Travel with Ruth – Hunza Valley – Part IV


Read Part I | Part II | Part III

 

Roshan Bibi was observing me for some time, while she was waiting for a van to take her to her village. She used to live in Passu village before she got married and now she lived in Moorkhun village. She asked me who I am. Where I came from and why I was sitting there alone. I found her really kind and open. I asked her about her family and she told me that she has seven kids and her husband has died. She belonged to the head family of her village and have large cattle setup. She also told me that they see Ibexes and Markhors in their village every now and then and sometimes the snow leopards are also seen.

Ghulkin

Roshan Bibi was very fluent in Urdu and also spoke a little English. She tried to teach me her local language ‘Wakhi’, and insisted that I write sentence she was telling me so that I do not forget it later. I asked her if I can take a photograph with her and she allowed it. Before I met her, I was quite lost, I was awestruck with the hugeness of the place I had been visiting for three days now, all the important spots, well known places admired by many. Looking at the paths that were tread upon by millions before I came here and yet the loneliness of the place. Roshan Bibi gave a new meaning to the place and taught me why they say that meeting strangers and interacting with them helps you to grow. There was no benefit for her to come and ask me if I was fine. There was love, kindness and curiosity in that place.

Rubab

Wazir Bhai is part of the community development program in the area and has switched to sustainable means of earning. He grows vegetables and makes jam of sea-buck thorn berries which are very rich in vitamin C and is a very healthy food option. He also rears bees and collects their honey, yields apricot oil. They family prepared us delicious food, and we had the best meal with them during this whole trip. Evening turned and we were all fed and sleepy when someone suggested music and our great hosts turned up with a full band of locals with a tumbk and Rubab.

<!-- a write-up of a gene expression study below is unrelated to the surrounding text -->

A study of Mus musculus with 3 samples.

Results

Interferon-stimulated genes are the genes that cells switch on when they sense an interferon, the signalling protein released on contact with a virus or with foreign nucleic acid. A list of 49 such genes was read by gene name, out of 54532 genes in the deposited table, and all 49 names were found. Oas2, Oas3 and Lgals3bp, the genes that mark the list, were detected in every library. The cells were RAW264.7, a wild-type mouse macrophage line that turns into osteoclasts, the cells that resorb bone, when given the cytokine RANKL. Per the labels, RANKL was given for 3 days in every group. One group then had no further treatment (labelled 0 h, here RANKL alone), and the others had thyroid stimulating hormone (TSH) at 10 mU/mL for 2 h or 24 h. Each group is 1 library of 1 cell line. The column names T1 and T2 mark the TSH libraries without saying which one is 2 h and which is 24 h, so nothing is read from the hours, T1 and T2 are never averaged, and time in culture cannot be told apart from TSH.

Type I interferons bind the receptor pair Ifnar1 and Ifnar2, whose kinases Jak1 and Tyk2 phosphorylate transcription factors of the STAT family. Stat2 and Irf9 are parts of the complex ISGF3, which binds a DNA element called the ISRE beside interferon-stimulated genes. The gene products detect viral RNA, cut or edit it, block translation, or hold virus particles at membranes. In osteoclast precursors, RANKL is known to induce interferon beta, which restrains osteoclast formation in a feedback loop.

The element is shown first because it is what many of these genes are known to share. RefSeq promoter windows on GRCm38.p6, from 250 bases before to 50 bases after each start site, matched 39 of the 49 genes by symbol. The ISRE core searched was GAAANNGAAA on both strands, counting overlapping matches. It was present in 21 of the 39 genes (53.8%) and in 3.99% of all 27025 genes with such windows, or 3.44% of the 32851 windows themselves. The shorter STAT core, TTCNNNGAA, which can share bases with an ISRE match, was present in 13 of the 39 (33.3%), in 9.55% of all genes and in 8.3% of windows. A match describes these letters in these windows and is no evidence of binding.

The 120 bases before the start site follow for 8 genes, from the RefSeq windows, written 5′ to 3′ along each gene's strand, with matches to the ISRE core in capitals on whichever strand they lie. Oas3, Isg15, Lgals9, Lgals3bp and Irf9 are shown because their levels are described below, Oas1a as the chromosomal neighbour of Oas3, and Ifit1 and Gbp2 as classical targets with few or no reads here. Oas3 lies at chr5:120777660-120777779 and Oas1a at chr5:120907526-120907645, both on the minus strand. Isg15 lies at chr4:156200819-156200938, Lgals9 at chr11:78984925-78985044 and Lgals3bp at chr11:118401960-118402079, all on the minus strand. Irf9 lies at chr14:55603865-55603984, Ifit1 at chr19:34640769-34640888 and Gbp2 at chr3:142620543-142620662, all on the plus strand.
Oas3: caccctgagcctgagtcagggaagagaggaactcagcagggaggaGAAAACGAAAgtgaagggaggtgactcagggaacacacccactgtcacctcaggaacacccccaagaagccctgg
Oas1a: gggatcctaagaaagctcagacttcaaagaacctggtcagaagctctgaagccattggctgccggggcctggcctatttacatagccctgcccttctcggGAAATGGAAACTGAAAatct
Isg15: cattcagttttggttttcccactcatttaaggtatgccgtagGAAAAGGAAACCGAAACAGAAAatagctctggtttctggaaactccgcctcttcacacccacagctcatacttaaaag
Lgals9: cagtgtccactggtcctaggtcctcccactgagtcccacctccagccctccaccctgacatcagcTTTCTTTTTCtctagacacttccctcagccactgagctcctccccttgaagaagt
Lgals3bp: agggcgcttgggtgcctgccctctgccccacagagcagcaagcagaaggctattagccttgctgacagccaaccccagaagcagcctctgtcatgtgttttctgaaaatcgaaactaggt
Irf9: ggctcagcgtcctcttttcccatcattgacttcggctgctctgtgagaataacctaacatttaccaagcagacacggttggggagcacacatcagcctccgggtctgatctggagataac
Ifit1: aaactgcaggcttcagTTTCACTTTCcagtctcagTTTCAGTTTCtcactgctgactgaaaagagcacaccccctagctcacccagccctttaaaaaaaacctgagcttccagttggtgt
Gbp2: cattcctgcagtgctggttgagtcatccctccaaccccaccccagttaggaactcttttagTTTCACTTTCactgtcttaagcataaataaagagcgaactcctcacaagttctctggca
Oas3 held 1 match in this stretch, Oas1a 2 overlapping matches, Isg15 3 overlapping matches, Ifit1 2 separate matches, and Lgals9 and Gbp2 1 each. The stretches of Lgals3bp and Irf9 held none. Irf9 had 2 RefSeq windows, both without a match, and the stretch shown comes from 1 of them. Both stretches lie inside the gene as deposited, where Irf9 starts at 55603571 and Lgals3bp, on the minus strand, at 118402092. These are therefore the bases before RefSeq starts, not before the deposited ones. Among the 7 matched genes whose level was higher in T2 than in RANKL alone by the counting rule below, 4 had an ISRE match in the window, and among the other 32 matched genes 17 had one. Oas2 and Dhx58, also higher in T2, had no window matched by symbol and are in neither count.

tumbk

We spend some time listening to their folk songs and dance. After two or three songs they asked us if any of us would like to sing as well. We sang “Dama dam mast Qalander” but of course we were no match for them. They encouraged us to dance with them as well, and it is safe to say that we failed to imitate them any good. There dance was so rhythmic and to the beat, something that keeps you mesmerized in the moment while the performers forget that anyone else is watching them too. It is a dance of the soul of the mountains and I believe in those rhythms one actually connects to the nature, I wish, I could learn it in the small time we spend there.

Phuthuk

Next morning, we ate the traditional bread called Puthuk with Honey and Sea-buck thorn berries jam for breakfast and went out to visit the community school in the village, Nosir e Khusrow Model Academy. We first met the tenth grade students who told us what their aims and aspirations are. I purposely did not used the word dream here because these students never gave that impression, they might have once dreamed of what they were describing with so much surety of mind and purpose. They knew what they want to be and sounded determinant to achieve their goals. This was the most interesting thing we observed that people of Hunza makes you feel like what you have achieved in life is so small because how they have lived the same years as we have is completely different.

Skylight, considered as a symbol of Noor in a Wakhi House

We met people there who were unable to read and write and couldn’t even understand Urdu and then there were people who could speak or understood more than five languages. Not one person in our group was collectively coming close to them. We all have our own achievements we care about and our own experiences that could not be compared with another’s but sometimes when we look at others and what they are capable of, we start pondering. Appreciating what others are capable of in their circumstance and who we are today is an important characteristic that is learnt with time and heart. Mind is not involved here, as mind will always show others achievements as possibilities for you but it’s your heart that learns to tame your mind with time and then we know contentment.